Advertorial Paints a Rosy, and Inaccurate, Picture, AOA Says 

Knowing that Review of Optometry’s mission is to deliver “optometrists the information they need to provide their patients top quality care in a personally rewarding practice environment,” I was shocked to read the November 15 issue that included paid content from Hubble Contacts espousing the potential benefit for doctors of optometry offering the company’s contact lenses to their patients. As president of the American Optometric Association (AOA), I can be very clear that our organization has not and will not ever dictate doctors’ contact lens prescribing choices, but I also believe it is incumbent upon your publication to provide proper context when writing about a company’s business plans, specifically by citing stories in other outlets that provide evidence of past violations of laws and regulations intended to protect the public.

The advertorial stated that “the company was founded on the ideals of providing the safest form of contact lens wear (daily disposables) to patients” affordably and conveniently, and that its philosophy “supports the same health and safety goals for patients that optometrists pursue each day.” However, stories in national media outlets, including the The New York Times and the business website Quartz, paint a different picture. One details how the writer was able to order contact lenses from Hubble despite never having been prescribed them and giving a fake doctor and practice name, without contact information, for verification purposes. Another cited interviews with eight individuals who suffered adverse events after ordering Hubble contact lenses, and referenced concerns expressed by the Federal Trade Commission (FTC) regarding companies that seem to rely upon passive verification as a way to switch patients from their prescribed lenses. 

Since Hubble Contacts entered the market in November 2016, the AOA has received over 400 complaints from doctors regarding the company’s practices. Those that were of greatest concern to AOA were the cases of patient harm and adverse events. These include instances of patients suffering complications such as neovascularization of the cornea, keratitis, pain and discomfort—all conditions associated with poorly fitting contact lenses.

These cases were directly reported to the FTC by the AOA, so that they could be investigated. Dozens of cases of patient harm have also been directly reported to the FDA and are publicly available for review. We recommend that you take the time to review the Quartz and New York Times stories, as well as the FDA reports, and consider whether your recent Hubble Contacts advertorial provides the reader with adequate context to judge the current claims made by the company.

Years of vigilance, patient education and relentless advocacy by concerned doctors of optometry across the country, coupled with the tireless efforts of the Health Care Alliance for Patient Safety, the National Consumers League, affiliate optometric associations and the AOA, succeeded in bringing attention to serious concerns regarding Hubble Contacts’ business practices. However, one must be aware that the company is able to rely on its access to lobbyists and PR agents in an effort to rehabilitate its image.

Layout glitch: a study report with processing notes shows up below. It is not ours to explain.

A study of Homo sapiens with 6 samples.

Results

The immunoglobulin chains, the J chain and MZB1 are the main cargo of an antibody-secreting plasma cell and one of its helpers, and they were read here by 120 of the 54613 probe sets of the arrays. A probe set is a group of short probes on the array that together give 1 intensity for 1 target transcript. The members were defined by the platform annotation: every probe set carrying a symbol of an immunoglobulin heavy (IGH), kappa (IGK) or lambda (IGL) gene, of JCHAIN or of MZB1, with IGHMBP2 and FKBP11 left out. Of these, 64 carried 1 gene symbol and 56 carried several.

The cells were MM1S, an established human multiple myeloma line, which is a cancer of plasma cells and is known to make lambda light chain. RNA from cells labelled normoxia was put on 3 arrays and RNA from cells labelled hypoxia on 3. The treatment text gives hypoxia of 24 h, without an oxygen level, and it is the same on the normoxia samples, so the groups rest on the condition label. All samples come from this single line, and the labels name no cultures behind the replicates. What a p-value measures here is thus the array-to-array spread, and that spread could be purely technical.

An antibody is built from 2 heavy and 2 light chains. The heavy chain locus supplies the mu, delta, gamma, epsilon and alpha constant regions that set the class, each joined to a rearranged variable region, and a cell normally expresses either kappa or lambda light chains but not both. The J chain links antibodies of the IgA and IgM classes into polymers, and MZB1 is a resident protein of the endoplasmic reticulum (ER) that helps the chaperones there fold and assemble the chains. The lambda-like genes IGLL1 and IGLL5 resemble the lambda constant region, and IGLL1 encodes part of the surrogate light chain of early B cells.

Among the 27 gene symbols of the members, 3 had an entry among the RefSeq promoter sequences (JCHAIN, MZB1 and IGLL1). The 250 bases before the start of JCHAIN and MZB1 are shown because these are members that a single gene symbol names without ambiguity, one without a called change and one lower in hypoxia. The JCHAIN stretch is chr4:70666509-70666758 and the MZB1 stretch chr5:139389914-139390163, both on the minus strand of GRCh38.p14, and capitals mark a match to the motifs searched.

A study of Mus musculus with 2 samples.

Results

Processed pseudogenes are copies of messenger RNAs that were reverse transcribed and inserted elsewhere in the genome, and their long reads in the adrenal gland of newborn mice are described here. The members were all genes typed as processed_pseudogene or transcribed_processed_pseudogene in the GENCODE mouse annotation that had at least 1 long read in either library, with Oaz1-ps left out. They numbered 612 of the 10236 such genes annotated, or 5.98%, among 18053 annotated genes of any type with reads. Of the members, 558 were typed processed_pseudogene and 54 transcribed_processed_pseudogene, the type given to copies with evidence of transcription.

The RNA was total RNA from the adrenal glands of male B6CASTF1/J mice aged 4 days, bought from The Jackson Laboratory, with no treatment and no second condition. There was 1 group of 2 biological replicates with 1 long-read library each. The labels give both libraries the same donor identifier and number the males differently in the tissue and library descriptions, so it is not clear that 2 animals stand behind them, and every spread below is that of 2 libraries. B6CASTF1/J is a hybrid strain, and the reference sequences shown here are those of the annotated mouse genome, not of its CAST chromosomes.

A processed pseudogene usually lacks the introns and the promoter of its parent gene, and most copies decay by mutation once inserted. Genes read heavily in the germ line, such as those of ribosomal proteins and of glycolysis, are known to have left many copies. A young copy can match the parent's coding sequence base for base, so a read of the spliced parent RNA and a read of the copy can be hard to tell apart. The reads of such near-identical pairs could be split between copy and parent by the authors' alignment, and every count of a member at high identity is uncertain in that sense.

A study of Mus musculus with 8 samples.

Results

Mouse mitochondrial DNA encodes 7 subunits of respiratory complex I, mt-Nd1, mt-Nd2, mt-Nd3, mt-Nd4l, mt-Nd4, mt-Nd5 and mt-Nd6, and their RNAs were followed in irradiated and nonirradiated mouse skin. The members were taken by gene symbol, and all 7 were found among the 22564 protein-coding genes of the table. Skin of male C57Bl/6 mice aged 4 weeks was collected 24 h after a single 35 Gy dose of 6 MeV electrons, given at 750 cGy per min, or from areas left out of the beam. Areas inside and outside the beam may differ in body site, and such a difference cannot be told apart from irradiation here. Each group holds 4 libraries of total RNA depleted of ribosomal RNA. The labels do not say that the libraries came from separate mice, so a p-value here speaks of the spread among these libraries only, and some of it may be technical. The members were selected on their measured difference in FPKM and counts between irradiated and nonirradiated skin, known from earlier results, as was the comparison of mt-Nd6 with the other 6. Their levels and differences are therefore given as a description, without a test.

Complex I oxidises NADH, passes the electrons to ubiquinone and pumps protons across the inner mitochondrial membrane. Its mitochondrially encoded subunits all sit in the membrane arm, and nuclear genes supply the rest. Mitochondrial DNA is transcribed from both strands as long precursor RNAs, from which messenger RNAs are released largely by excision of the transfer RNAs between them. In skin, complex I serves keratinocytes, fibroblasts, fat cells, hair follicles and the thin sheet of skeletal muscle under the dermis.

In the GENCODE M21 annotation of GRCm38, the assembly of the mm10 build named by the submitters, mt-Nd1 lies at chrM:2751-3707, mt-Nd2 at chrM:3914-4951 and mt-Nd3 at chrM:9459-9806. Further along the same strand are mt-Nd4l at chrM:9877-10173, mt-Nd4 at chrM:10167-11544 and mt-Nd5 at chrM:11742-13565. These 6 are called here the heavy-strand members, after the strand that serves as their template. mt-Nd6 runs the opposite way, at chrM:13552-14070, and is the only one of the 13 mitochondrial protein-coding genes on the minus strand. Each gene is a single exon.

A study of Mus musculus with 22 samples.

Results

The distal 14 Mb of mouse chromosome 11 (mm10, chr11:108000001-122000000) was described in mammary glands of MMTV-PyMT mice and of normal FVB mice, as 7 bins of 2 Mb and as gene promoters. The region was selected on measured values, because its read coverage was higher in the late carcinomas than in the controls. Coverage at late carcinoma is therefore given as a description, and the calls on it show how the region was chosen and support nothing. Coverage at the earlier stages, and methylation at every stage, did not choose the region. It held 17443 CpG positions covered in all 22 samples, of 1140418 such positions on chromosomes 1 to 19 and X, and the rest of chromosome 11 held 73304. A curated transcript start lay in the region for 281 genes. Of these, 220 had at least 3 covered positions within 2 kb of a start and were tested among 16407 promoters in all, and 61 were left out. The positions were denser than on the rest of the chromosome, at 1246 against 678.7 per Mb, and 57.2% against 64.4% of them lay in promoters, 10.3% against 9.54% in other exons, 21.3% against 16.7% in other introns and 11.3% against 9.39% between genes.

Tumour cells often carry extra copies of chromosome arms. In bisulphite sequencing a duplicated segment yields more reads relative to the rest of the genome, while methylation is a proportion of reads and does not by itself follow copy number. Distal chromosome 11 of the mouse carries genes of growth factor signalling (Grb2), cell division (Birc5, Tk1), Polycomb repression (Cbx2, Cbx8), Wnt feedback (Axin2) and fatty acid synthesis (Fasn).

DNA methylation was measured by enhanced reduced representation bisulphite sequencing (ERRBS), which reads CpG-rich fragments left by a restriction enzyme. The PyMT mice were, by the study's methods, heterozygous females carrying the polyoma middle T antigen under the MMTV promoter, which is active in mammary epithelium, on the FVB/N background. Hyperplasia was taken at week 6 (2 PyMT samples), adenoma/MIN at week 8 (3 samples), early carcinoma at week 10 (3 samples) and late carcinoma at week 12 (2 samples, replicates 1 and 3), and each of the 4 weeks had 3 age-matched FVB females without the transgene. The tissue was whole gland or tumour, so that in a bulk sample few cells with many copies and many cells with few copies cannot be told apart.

By choosing to be a platform for paid content from Hubble Contacts, Review of Optometry becomes a part of Hubble’s efforts to improve its image. The fact that the company is now stating publicly that it supports proper eye exams and fittings for contact lenses could represent a long-overdue change, but questions remain about whether this represents a firm commitment across the entire company, and Review of Optometry missed an opportunity to explore that important question.

In the view of the AOA, Review of Optometry owes it to their readers not to simply pass along current claims made by the company, but instead to place current assertions in context by noting for their audience the serious issues cited above. Other stakeholders, including government regulators, consumer groups, and the AOA and AOA-affiliated associations, could have been contacted to provide much-needed background. Hubble Contacts should also have been required to answer questions about its past documented missteps and whether it has fully given up the flawed business model behind them. If the company is in fact committed to stopping the practices cited above and adhering to key health and safety regulations going forward, it should as a first step fully and publicly account for its past practices.
— William T. Reynolds, OD
AOA President

In Response

We thank Dr. Reynolds for his leadership in fighting to protect the well-being of optometrists and the patients they serve. The complaints he raises against Hubble deserve to be aired and investigated. We’re glad to see the AOA and FTC taking action to do so.

However, his assertion that Review of Optometry should have in some way tempered the content of Hubble’s advertising stems from a misapprehension about the jurisdiction of a publication over such pieces. Simply put, an advertorial is an advertisement, produced outside the editorial branch, and no publication—this one or any other—moderates the content of such a piece. Advertisers have autonomy over their message and must prove through their actions that it rings true.

We do, however, bear responsibility for conveying the difference between our independent editorial content and the paid pieces that industry commissions. We pledge to bring greater clarity to this distinction in the future.